This week, the Houston Astros filed a response to the lawsuit, calling the claims frivolous as the team is not contractually bound to fans under any law. The response mirrors other lawsuits filed by fans in the past who have claimed fraudulence in boxing and other sports. Those previous lawsuits were denied and dismissed.
At the heart of the customers’ arguments is that customers of DraftKings had no previous knowledge that the Astros players were cheating. But again, while the integrity of the sport is implied by the leadership of MLB, it is not guaranteed to fans and those that bet on their games.
Lawyers for the Astros have countered the customers’ claims by stating that the statistics provided by DraftKings were correct and in no way tainted by the discovery of wrongdoing by the club.
The lawsuit could possibly serve as a template for possible future litigation as sports betting grows in the United States and the probability of other malfeasance in professional sports becomes higher with more technological scrutiny.
DraftKings player Kristopher Olson filed the original lawsuit against MLB and the teams and in his 52-page brief, his lawyers argue that all three entities deceived customers through unlawful business practices at the detriment to him and other players who lost money on the company’s games.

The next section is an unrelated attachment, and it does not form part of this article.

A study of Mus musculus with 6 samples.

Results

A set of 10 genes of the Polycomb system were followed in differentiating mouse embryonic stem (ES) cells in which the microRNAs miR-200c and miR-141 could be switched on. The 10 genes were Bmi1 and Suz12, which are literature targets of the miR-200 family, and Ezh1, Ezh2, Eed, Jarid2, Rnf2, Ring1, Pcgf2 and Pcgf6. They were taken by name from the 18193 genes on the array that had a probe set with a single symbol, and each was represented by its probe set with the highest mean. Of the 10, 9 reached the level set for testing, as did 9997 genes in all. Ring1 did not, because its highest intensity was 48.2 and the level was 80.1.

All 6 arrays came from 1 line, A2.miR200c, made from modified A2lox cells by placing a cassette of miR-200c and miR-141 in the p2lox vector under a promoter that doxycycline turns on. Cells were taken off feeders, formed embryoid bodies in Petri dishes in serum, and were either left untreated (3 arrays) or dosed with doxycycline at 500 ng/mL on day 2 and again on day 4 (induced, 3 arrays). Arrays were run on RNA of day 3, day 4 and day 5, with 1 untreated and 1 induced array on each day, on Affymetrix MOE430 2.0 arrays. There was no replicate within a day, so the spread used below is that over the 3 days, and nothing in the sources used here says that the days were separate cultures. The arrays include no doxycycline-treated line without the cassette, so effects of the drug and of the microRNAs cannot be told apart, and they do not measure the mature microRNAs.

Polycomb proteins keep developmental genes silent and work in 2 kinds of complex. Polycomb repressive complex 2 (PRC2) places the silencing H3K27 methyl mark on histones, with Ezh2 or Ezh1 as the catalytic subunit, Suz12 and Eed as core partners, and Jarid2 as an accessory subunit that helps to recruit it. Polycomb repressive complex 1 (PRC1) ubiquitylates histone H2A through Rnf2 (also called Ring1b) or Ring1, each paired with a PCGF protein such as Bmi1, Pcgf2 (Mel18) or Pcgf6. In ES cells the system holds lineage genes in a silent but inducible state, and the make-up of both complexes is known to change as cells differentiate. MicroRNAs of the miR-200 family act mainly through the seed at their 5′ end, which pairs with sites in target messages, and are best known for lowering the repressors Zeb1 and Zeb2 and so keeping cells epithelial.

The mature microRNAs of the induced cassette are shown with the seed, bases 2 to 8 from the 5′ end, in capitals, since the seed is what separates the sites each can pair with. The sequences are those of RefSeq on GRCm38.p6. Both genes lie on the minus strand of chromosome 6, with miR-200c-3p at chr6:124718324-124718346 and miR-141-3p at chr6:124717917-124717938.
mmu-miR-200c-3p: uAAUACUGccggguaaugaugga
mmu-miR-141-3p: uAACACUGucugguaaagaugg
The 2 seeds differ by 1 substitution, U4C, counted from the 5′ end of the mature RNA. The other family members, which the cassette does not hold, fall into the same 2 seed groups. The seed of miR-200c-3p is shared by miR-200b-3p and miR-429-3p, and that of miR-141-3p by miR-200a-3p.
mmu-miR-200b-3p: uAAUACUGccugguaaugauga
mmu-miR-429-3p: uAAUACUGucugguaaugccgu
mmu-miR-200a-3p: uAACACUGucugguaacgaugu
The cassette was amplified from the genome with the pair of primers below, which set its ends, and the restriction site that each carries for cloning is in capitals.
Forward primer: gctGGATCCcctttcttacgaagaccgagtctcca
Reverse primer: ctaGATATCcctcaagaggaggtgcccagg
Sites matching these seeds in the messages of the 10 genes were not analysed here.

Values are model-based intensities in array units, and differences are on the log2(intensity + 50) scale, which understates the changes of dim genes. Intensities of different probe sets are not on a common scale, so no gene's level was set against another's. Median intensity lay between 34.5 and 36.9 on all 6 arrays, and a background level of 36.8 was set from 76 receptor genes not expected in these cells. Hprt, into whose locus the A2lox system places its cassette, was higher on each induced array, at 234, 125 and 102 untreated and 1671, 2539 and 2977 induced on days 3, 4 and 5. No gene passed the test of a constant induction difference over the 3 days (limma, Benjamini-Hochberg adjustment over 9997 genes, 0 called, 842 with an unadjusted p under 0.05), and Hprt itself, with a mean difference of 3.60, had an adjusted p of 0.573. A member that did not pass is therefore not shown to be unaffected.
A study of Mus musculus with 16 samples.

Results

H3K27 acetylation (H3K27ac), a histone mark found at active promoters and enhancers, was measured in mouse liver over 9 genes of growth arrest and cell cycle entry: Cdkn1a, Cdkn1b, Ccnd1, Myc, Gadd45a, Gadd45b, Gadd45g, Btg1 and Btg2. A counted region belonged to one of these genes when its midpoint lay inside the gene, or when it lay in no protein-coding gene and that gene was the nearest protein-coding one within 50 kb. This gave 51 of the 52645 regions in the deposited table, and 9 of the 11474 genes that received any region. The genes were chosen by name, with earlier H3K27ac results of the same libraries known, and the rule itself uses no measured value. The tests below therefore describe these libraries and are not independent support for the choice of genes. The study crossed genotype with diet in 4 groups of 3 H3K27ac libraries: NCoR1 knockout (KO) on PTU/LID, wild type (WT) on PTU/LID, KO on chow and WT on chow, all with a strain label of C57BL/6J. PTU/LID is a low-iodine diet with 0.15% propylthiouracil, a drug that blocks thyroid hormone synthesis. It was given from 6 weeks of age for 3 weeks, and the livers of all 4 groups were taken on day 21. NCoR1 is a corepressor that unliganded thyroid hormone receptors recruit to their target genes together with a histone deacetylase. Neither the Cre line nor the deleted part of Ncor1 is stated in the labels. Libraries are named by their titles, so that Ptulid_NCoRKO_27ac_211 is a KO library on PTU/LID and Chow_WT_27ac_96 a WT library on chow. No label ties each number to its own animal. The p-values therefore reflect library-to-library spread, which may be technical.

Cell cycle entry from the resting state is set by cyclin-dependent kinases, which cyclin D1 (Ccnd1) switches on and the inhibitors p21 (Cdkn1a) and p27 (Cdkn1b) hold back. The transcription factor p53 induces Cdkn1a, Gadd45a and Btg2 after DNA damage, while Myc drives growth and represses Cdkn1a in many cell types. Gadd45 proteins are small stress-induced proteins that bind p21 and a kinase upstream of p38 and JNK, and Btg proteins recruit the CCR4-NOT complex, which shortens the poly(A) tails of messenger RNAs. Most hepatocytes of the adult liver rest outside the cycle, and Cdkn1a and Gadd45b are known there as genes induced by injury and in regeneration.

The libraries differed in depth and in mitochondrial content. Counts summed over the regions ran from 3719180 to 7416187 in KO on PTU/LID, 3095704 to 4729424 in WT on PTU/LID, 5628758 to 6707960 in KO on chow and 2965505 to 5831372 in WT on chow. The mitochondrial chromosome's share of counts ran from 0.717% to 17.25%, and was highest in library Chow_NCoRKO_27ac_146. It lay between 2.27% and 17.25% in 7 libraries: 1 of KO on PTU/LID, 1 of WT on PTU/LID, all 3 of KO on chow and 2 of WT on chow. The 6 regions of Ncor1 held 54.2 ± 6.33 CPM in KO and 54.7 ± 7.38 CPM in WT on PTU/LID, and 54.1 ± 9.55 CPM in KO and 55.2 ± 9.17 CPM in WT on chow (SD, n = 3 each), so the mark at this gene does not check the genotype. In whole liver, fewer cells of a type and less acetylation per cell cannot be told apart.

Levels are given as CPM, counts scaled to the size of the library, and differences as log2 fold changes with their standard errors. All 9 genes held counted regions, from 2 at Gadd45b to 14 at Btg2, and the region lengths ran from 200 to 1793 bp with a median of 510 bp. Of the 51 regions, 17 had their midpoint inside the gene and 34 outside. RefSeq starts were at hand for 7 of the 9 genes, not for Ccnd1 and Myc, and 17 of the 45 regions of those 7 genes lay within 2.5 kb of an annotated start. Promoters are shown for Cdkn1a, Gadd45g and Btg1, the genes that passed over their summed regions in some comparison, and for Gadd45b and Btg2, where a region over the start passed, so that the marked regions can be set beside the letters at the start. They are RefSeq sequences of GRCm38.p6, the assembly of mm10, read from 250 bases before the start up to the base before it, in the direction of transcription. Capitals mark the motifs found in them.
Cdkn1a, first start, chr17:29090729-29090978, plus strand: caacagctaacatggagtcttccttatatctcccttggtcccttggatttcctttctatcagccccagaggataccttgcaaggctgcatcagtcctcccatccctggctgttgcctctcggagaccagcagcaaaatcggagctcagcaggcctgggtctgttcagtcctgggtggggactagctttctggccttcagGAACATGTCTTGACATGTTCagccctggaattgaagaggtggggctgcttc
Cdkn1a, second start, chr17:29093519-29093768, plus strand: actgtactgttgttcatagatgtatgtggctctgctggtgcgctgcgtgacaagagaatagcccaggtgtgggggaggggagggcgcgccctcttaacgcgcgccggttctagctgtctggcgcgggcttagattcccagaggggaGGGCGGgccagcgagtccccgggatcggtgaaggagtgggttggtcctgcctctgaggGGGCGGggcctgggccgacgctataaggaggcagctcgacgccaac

An interesting wrinkle to Olson’s lawsuit is the reasoning that DraftKings players are owed back damages because MLB owns a stake in the daily fantasy company and therefore, has a contractual obligation with the company’s players.
Major League Baseball and DraftKings have a partnership that gives the league a single-digit stake in the daily fantasy business. But that agreement could give daily fantasy players like Olson a potential foothold in the proceedings due to MLB’s ownership stake.
At the time of the deal in early 2015, MLB Commissioner Rob Manfred said, “I think there is a clear legal line, and quite frankly, we’ve spent some considerable effort and money to make sure we knew where DraftKings was in relation to that line. We’re very comfortable with the idea that its fantasy.”
The Red Sox have been lumped together with the Astros because they have also been shown to use technology to steal signs in games like Houston, but by all accounts, their infractions may be far less than the trash can banging scheme that the 2017 World Series champions concocted over the course of that season.
For Olson, the Red Sox also used deceptive tactics to influence the outcome of games and they are no different, from a liability perspective, than the Astros.
But the Astros and Red Sox might not be the only teams that eventually become part of the lawsuit as Sports Illustrated’s Tom Verducci found that as many as eight teams in MLB were in direct violation of the rules due to electronic sign stealing.
With the league and team’s response now filed, the case will be heard by a judge representing the U.S. District Court for the Southern District of New York. If Olson gets his way, he’ll team up with other similar lawsuits and create a class action involving other DFS players.
Olson is asking for $5 million in damages to be shared by those players who lost money on contests directly related to the 2017 Houston Astros and 2018 Boston Red Sox. The lawsuit does not name DraftKings as a defendant.